By Simant Verma:
“Producer Companies are the future of farmers in India,” exclaimed Saurabh, my colleague, who had been witnessing their meetings for the past two years.
A producer company is a corporate body having one or all of the following as their objective: production, harvesting, procurement, grading, pooling, handling, marketing, selling , export of produce and import of materials for the members’ benefits. The following example explains how a producer company is benefiting farmers of Chhindwara district, Madhya Pradesh. Satpura Self Reliant Farmers Producer Company Limited was established in 2010. They presently work with 21 villages.
Due to the increasing number of middlemen, lack of access to the market at the right time and the heavy logistics, the farmers here had to shell out a huge chunk of their income. The Satpura Producer Company has provided them with numerous benefits.
The company has tied up with manufacturers who provide them with seeds for agriculture. Every village has an appointed volunteer who collects information about the farmers’ demand for seeds. Such information for all the villages is compiled together and seeds are purchased directly from the manufacturer. Thus, the farmers get direct access to raw materials without the involvement of any middlemen.
Before the Producer Company, farmers had to arrange for transport to take their final produce to the market. They had to sell it at whatever price was being offered on that particular day since they could not afford to come back again at a later time. Now, the Producer Company goes to every village, on demand, to buy their final produce at one fair rate. They hold back all the produce until the market has to offer a rate higher than the one they purchased it for. After accounting for all operational expenses of the company, the remaining profit is distributed amongst all shareholders, who are also farmers.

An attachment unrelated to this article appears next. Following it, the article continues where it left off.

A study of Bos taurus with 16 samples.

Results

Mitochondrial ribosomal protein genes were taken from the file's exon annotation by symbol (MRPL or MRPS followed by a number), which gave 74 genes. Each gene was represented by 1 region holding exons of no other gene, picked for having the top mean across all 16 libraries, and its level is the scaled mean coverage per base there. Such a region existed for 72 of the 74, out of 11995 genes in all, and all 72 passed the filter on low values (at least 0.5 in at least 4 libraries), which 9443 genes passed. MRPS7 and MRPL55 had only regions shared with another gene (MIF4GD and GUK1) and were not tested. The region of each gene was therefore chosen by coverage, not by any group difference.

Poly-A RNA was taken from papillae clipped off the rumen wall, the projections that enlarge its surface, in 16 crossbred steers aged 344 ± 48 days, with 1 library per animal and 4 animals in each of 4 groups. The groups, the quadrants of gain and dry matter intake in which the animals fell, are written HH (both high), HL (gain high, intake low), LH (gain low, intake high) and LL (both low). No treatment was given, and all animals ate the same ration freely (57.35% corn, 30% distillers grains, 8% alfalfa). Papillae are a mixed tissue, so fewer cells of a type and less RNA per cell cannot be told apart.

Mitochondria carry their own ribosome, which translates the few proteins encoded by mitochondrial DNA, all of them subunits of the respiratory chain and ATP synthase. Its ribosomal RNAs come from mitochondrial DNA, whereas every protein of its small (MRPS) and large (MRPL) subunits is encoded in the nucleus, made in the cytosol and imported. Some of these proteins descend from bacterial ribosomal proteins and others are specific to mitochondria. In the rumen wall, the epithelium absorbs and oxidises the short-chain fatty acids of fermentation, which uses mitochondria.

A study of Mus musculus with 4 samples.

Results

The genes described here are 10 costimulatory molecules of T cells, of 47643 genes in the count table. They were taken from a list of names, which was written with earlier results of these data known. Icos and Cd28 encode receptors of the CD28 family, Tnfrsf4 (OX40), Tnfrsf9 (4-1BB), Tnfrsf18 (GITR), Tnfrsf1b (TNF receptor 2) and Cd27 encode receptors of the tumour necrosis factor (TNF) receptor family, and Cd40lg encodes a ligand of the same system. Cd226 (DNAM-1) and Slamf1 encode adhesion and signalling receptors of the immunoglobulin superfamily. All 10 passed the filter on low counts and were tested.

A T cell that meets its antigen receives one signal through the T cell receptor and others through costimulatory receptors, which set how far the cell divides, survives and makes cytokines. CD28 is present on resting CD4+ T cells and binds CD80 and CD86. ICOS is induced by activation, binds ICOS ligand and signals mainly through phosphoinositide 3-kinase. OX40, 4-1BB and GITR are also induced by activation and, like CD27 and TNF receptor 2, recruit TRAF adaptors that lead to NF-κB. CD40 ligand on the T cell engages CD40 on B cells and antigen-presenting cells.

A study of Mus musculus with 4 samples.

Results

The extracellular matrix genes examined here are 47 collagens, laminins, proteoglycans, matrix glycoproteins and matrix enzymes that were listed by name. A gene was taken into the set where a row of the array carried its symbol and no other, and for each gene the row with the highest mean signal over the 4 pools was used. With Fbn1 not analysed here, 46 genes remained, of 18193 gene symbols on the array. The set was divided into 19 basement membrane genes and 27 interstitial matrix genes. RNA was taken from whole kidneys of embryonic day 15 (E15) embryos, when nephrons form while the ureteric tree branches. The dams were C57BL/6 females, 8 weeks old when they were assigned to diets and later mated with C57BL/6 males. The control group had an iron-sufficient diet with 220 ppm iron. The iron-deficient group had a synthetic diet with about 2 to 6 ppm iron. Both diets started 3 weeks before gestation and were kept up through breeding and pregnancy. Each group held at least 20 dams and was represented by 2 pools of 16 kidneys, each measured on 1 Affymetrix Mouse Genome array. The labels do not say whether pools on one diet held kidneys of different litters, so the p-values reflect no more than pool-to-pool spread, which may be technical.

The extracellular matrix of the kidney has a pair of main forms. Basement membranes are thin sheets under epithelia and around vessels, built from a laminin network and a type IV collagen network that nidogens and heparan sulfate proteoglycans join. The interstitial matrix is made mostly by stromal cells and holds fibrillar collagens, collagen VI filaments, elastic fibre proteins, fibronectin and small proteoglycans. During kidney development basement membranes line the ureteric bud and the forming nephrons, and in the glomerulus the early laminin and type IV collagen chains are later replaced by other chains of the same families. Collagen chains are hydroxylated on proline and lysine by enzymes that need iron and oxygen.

Although the company has now reached a level where the farmers benefit to a good extent, they had to face a lot of challenges in the initial years. Given the lack of money during the gestation period, they had to appoint less qualified staff who were not properly aware of the operations of a producer company. Secondly, gaining farmers’ trust was quite hard. For a marginal farmer who has no idea where his income for the next week would come from, expecting him to become part of a company that might give him benefits after a few years was a lot to ask for. Thirdly, choosing the right kind of representatives from each village was vital. These people would be the connecting links between the producer company and the village. Ensuring that they had a good rapport with everyone and were willing enough to actually donate their time and effort was tricky.
It has almost been six years since the inception of this company. It is now almost completely run by the farmers themselves. They have also extended their operations towards poultry farming. The farmers now have a sense of how to run a company. A lot of villages have also appointed women as their representatives. Keeping aside all agricultural benefits, I think this has had a much bigger role to play in uplifting the community.
Image source: Well-Bred Kannan (WBK Photography)/ Flickr
About the author: Simant Verma is an India Fellow of the 2016 cohort currently working with a grassroots organisation called Under The Mango Tree. His work involves interacting closely with farmers on improving agricultural productivity through interesting techniques like beekeeping.